Treating A Patient With Sepsis And Full Thickness Necrosis

Kristine Hoffman, DPM

   Heparin. Heparin inhibits thrombus formation, halts the consumption of coagulation factors and can slow or stop the process of skin necrosis.8 I recommend heparin to reverse the disseminated intravascular coagulation component of the disease and promote tissue perfusion.3

   Protein C. Research has shown that both genetic and acquired deficiencies in the natural anticoagulant protein C contribute to the development of purpura fulminans.14 Several studies have shown the clinical benefit of protein C supplementation with recombinant human activated protein C.12,15-18 Smith and colleagues showed administration of protein C in patients with purpura fulminans produced a 0 percent mortality rate despite a published mortality rate for purpura fulminans ranging from 40 to 80 percent.15

   Antithrombin III. Administration of antithrombin III has the potential to reverse the procoagulant state that occurs in purpura fulminans. Studies have shown that antithrombin III has anti-inflammatory properties and decreases the inflammatory response of mononuclear cells and endothelial cells.19

   Topical nitroglycerin. Topical nitroglycerin can convert to nitric oxide, a powerful natural vasodilator. Several studies have shown improved blood flow to the skin with topical nitroglycerin application.20,21 Reduction in pain resulting from poor tissue perfusion can also occur with topical nitroglycerin use.6

   Surgical management. Researchers have proposed that aggressive fluid resuscitation and endotoxin-induced fluid shifts lead to tissue edema and subsequent compartment syndrome, which further decreases the blood supply in tissue already subject to vascular compromise. Warner and coworkers showed that performing fasciotomies early in the management of patients with purpura fulminans reduced the depth of necrosis and decreased the extent of amputations.4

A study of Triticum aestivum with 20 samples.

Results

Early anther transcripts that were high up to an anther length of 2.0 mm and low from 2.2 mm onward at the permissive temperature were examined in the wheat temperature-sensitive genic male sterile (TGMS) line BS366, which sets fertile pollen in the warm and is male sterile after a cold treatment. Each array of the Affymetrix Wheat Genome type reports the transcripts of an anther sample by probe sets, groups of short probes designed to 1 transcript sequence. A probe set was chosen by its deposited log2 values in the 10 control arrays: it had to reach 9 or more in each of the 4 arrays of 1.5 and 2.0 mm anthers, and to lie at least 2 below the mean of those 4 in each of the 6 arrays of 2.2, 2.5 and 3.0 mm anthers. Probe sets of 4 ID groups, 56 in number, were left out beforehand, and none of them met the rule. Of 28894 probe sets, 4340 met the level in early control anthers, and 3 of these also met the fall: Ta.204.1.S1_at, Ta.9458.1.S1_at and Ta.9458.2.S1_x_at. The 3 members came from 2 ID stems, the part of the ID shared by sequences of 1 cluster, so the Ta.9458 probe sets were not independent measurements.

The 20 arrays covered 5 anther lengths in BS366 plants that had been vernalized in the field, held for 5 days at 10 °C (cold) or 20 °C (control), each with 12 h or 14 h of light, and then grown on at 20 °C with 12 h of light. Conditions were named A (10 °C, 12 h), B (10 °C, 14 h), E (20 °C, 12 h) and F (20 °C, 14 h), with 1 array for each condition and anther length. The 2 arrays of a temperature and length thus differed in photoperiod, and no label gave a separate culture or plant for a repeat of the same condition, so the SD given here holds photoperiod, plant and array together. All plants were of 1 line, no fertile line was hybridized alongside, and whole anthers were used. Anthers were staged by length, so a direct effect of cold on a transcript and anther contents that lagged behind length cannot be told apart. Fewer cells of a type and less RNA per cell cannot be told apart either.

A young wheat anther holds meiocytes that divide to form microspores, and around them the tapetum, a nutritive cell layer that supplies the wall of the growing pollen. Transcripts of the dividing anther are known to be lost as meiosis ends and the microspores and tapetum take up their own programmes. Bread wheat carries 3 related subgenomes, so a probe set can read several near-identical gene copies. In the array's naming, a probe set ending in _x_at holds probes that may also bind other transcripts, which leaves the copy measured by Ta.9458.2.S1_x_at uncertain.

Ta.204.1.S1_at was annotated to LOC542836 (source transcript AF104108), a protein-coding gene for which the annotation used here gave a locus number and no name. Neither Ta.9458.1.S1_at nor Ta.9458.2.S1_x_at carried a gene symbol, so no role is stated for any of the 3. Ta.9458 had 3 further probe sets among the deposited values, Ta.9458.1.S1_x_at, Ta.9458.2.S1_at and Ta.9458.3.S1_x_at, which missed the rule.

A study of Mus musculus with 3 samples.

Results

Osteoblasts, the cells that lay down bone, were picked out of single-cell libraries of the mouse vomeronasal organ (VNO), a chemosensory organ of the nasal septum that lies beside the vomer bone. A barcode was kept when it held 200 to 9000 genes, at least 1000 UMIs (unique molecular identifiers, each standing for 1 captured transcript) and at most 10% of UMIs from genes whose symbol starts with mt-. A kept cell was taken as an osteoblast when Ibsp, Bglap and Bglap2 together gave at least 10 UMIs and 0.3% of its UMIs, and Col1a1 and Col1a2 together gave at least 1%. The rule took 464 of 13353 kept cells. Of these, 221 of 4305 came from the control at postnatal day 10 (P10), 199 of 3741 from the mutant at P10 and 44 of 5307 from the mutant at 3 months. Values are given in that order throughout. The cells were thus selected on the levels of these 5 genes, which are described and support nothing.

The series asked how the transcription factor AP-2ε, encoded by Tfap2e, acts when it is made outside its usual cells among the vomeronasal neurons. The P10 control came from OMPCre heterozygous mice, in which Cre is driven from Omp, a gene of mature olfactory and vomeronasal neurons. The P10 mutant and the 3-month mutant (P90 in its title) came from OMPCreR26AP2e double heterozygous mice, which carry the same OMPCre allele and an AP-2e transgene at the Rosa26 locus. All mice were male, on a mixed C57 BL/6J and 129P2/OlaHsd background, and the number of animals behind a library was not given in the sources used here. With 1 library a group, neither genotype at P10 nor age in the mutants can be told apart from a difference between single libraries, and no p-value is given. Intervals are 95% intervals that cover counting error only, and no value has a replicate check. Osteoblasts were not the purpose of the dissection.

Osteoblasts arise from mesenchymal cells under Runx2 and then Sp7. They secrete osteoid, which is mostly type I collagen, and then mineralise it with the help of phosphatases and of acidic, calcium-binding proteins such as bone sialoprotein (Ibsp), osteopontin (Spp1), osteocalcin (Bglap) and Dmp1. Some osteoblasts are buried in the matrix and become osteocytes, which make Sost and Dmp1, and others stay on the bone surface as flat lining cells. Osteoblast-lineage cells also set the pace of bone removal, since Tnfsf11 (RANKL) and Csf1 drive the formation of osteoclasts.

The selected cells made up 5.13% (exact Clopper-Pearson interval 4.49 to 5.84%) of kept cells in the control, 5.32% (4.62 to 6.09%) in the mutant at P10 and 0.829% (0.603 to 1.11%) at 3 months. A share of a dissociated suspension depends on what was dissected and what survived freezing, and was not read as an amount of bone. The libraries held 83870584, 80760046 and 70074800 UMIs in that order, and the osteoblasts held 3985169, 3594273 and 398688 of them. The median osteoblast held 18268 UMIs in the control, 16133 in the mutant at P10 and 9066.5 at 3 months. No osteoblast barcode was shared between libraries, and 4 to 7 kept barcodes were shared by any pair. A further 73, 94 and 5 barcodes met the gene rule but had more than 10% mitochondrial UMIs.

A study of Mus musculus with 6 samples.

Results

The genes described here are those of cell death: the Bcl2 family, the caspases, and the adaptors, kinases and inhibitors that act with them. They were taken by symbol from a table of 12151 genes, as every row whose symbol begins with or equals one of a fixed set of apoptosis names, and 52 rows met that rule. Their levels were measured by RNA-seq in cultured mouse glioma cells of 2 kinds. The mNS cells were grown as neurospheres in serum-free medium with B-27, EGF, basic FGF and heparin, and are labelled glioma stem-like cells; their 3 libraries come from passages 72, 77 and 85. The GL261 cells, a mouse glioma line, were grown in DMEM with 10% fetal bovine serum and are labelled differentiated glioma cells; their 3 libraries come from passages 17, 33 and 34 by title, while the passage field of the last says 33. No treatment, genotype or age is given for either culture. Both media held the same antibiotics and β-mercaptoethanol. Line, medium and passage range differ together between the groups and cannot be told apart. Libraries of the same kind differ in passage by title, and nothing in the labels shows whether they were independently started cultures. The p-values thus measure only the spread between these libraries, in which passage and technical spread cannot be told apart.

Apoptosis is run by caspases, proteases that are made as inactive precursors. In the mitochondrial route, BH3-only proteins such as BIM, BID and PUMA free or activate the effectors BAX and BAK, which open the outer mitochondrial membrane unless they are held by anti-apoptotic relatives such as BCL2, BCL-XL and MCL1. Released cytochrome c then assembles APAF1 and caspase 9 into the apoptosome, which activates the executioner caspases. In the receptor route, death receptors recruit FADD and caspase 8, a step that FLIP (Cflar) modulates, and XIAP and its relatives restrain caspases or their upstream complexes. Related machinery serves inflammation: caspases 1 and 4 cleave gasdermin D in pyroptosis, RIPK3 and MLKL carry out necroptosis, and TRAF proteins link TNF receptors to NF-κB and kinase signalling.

Surviving patients typically require surgical treatment of skin necrosis and extremity gangrene. One manages skin necrosis similarly to frostbite and burns by delaying amputation until maximal collateral circulation has developed and demarcation of non-viable tissue has taken place.3 Researchers have described multiple techniques for the treatment of full thickness skin necrosis including skin grafting, synthetic skin grafts and amputation.2-4,22

What About The Prognosis Of Patients With Purpura Fulminans?

While the mortality rate of purpura fulminans has decreased with current treatment modalities, it remains a disabling condition with complex wounds complicated by secondary infections, often requiring major amputations.

   A study by Warner and colleagues reviewing 70 cases of purpura fulminans showed a 40 percent mortality rate, 90 percent of patients required surgical intervention with skin grafting/amputation and 25 percent of patients required amputations of upper and lower extremities.4 Davis and coworkers reported 12 cases of purpura fulminans associated with peripheral gangrene with a 25 percent mortality rate, a 67 percent single limb amputation rate and a 33 percent four-limb amputation rate.23 Childers and colleagues reported a mortality rate of 43 percent in patients with purpura fulminans.5 Researchers have shown that rapid diagnosis, ICU management and early surgical intervention can decrease mortality in patients with purpura fulminans.5

   Dr. Hoffman is in private practice in Boulder, Colo.

References
1. Marciniak E, Wilson HD, Marlar RA. Neonatal purpura fulminans: a genetic disorder related to the absence of protein C in blood. Blood. 1985; 65(1):15–20.

2. Edlich RF, Cross CL, Dahlstrom JJ, Long WB 3rd. Modern concepts of the diagnosis and treatment of purpura fulminans. J Environ Pathol Toxicol Oncol. 2008; 27(3):191-6.

3. Chu DZ, Blaisdell FW. Purpura fulminans. Am J Surg. 1982; 143(3):356-62.

4. Warner PM, Kagan RJ, Yakuboff KP, et al. Current management of purpura fulminans: a multicenter study. J Burn Care Rehab. 2003; 24(3):129-126.


My first thought was Stevens-Johnson syndrome. Where was the primary infection? Lungs? Had she been on other antibiotics prior to the treatment with the fluoroquinolone?


The primary infection was the lungs. The patient was not on any antibiotics prior to her admission.